The waters around Point Phillip Heads and Point Lonsdale (Lonnie) are some of the most treacherous in the world. It’s the Route-66-aquatic for monstrous container ships, and even larger marine life. Poseidon could probably have drunk from this cup and been sufficiently satisfied. Stories are told of 250 kilogram sharks being caught off the Point Lonsdale pier, with a bronze whaler snagged by a Melbourne chap in 2008 requiring the strength of eight men to trawl it in. The place has some history to it.
Escaped convict William Buckley shacked up with local Aborigines in a cave under the Point Lonsdale lighthouse from 1803 to 1835. It’s also the site of a tasty a-frame bombie that’s screaming to be shredded by a water craftsperson. The master plan was set in place by Australian Surf Coaster Emma Webb and Harry Lee and photographer Heidi Atkins were quick to sign up for the ride.
Emma is the dual Australian women’s longboarding and stand up paddle (SUP) champion. In 2015 she represented Australia’s SUP team in Mexico at the ISA World Championships. Harry is a SUP racer and elite athlete having competed for Victoria at the Australian SUP titles this year and recently completed the 54km Molokai to Oahu SUP race in outstanding time. Two talented people separated by a decade in birth years and different life challenges, yet they share an outlandish thirst for stoke and adventure. This is their story of riding the Lonnie bombie accompanied by a rather large sea creature, and crossing paths with a Mediterranean Shipping Company (MSC) tanker.
They arrived at the pier and the photographer suggested Harry and Emma paddle out to the tasty looking bombie. Neither declined and they were soon paddling with large strokes out to a seemingly exposed and wild section of ocean. Emma on the shorter of the boards looked a little wobbly as Harry sped off. There was some hoots and hollers and pointing of fingers from Harry. “That seal was bigger than my board, that’s at least 15ft,” he screamed. Spooked, Emma fell off not too long after trying to paddle for a bomb, never has anyone scrambled to get their limbs safely onto a floatation device before, well, maybe just once, in Jaws. “It felt pretty dangerous out there, totally like I was in the middle of nowhere, I was just hoping for no big bitey fish under me,” admitted Emma.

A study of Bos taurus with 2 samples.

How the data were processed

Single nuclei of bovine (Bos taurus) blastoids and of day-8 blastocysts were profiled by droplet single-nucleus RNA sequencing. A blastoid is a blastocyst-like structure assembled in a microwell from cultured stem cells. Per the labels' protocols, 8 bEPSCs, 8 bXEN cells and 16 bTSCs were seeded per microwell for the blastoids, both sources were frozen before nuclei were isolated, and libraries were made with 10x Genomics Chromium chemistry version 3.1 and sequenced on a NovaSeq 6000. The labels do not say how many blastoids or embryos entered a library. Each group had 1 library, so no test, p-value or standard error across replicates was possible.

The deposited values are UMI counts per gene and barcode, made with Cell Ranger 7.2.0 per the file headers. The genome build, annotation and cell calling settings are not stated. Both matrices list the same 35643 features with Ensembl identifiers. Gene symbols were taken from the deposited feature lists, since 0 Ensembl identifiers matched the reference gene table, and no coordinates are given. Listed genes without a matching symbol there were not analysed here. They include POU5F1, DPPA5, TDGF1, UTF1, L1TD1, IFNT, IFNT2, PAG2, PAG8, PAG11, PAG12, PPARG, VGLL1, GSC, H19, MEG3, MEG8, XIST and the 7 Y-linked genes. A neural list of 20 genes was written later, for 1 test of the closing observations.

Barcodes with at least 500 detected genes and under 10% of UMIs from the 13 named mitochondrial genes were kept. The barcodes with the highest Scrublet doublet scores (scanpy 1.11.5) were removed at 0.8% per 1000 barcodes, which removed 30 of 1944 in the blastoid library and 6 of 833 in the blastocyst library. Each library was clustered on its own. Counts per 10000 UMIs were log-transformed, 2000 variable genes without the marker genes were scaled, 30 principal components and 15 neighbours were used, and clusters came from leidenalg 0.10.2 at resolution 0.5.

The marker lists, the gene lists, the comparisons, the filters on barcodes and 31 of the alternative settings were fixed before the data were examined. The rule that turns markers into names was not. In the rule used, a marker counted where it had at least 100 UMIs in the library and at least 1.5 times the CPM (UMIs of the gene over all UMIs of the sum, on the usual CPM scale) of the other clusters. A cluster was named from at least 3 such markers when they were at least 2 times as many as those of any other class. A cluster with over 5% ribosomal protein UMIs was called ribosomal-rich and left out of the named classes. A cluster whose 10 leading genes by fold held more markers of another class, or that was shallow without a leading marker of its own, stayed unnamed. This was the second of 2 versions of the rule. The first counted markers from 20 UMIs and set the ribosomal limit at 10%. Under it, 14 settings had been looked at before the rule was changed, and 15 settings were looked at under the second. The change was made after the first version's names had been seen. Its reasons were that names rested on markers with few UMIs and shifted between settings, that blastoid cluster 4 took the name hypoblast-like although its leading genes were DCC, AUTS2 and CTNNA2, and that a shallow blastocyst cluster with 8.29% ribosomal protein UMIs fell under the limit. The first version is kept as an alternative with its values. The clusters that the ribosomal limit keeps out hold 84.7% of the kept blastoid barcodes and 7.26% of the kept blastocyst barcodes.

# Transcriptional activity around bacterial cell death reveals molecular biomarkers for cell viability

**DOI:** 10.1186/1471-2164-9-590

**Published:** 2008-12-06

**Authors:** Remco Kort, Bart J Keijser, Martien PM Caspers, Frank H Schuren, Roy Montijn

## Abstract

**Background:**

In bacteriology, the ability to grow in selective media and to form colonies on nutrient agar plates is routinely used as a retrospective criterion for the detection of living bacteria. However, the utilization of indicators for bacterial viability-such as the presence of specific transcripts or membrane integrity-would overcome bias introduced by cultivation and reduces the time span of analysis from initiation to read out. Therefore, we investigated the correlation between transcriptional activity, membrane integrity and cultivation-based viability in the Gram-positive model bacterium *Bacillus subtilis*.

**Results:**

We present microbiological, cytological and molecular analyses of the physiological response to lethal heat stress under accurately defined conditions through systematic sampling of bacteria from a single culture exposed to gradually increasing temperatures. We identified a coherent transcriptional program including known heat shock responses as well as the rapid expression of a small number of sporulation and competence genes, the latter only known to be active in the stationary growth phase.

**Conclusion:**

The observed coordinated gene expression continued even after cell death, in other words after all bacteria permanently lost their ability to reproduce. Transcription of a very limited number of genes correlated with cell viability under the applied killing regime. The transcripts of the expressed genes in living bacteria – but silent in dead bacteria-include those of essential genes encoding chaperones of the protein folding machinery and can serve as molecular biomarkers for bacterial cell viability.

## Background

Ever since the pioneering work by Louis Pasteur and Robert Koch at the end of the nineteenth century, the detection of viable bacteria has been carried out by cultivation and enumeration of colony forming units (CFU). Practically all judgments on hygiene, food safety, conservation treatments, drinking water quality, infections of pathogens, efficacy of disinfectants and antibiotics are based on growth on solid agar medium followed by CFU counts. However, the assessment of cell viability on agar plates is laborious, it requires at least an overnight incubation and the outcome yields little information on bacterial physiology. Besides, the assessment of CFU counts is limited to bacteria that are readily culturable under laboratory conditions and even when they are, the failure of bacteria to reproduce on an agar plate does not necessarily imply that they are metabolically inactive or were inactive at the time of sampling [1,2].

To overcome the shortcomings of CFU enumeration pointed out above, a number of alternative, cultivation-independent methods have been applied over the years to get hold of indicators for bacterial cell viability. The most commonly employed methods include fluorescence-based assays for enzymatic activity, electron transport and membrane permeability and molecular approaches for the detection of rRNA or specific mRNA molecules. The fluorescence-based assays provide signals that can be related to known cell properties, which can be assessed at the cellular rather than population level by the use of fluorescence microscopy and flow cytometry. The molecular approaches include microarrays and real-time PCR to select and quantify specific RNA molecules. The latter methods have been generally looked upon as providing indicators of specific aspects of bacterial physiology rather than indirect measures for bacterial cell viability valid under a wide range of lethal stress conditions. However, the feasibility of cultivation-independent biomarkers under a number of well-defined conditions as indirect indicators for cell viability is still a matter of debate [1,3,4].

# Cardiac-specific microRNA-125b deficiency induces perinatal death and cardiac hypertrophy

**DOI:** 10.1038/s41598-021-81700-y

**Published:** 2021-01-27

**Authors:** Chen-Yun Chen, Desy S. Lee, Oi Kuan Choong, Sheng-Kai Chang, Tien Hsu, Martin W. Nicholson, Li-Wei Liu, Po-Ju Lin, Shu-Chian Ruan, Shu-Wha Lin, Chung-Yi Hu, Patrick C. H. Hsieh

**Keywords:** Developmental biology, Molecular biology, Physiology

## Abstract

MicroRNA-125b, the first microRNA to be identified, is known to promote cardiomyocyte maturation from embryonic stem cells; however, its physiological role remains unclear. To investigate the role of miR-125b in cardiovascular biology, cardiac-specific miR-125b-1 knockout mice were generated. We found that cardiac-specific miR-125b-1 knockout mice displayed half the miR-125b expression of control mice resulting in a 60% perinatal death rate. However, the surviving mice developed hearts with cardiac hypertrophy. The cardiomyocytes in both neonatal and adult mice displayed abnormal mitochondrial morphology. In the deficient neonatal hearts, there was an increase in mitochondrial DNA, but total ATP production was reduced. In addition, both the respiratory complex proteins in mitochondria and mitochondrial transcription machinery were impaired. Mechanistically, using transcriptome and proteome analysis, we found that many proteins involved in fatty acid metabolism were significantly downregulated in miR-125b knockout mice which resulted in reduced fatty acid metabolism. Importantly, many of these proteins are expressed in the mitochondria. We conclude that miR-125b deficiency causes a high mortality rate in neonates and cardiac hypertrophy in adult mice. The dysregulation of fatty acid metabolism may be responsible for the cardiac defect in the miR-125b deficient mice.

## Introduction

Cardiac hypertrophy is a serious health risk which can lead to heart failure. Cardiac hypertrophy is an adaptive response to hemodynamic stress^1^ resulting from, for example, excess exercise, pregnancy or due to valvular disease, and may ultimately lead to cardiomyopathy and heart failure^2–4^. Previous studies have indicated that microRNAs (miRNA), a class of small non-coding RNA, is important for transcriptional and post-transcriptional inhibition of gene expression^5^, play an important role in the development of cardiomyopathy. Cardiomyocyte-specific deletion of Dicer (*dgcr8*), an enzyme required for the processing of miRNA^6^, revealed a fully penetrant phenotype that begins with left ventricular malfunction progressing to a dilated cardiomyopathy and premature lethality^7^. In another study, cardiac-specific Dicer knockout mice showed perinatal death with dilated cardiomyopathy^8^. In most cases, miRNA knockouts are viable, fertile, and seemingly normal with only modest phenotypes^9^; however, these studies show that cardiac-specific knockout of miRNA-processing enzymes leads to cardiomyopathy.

Harry pulled into a monster and road it all the way in, past the heads, like a ship coming in to dock. His 12’6 race SUP allowed him “to run with the swell for a lot longer than a traditional surfboard shape.” The thought that he wasn’t wearing a leggie did enter his mind as he glided down the lonely bombie face. “Got the heart pumping, that’s for sure.”
Soon after, these dapper adventurers were lucky enough to get up close with a rather stupendous tanker. “I felt pretty tiny next to that big old thing,” explained Emma.
They wondered where it had travelled from, where it was going and what precious cargo it carried. For Harry, this is one of this favorite things about SUPing, “it gives me the freedom to paddle straight out into the ocean and catch bumps that you wouldn’t have a chance with on a surfboard.” Emma agreed “SUPing’s great, it can be done on any body of water anywhere at any time.” But, the hardest thing she pointed out, and demonstrated on the day was “getting the momentum to catch a wave and balancing in choppy water.”
Emma and Harry are now both in training for their next adventures, fun and professional. Harry is aiming for the next Molokai and Emma the next Australian Longboard titles.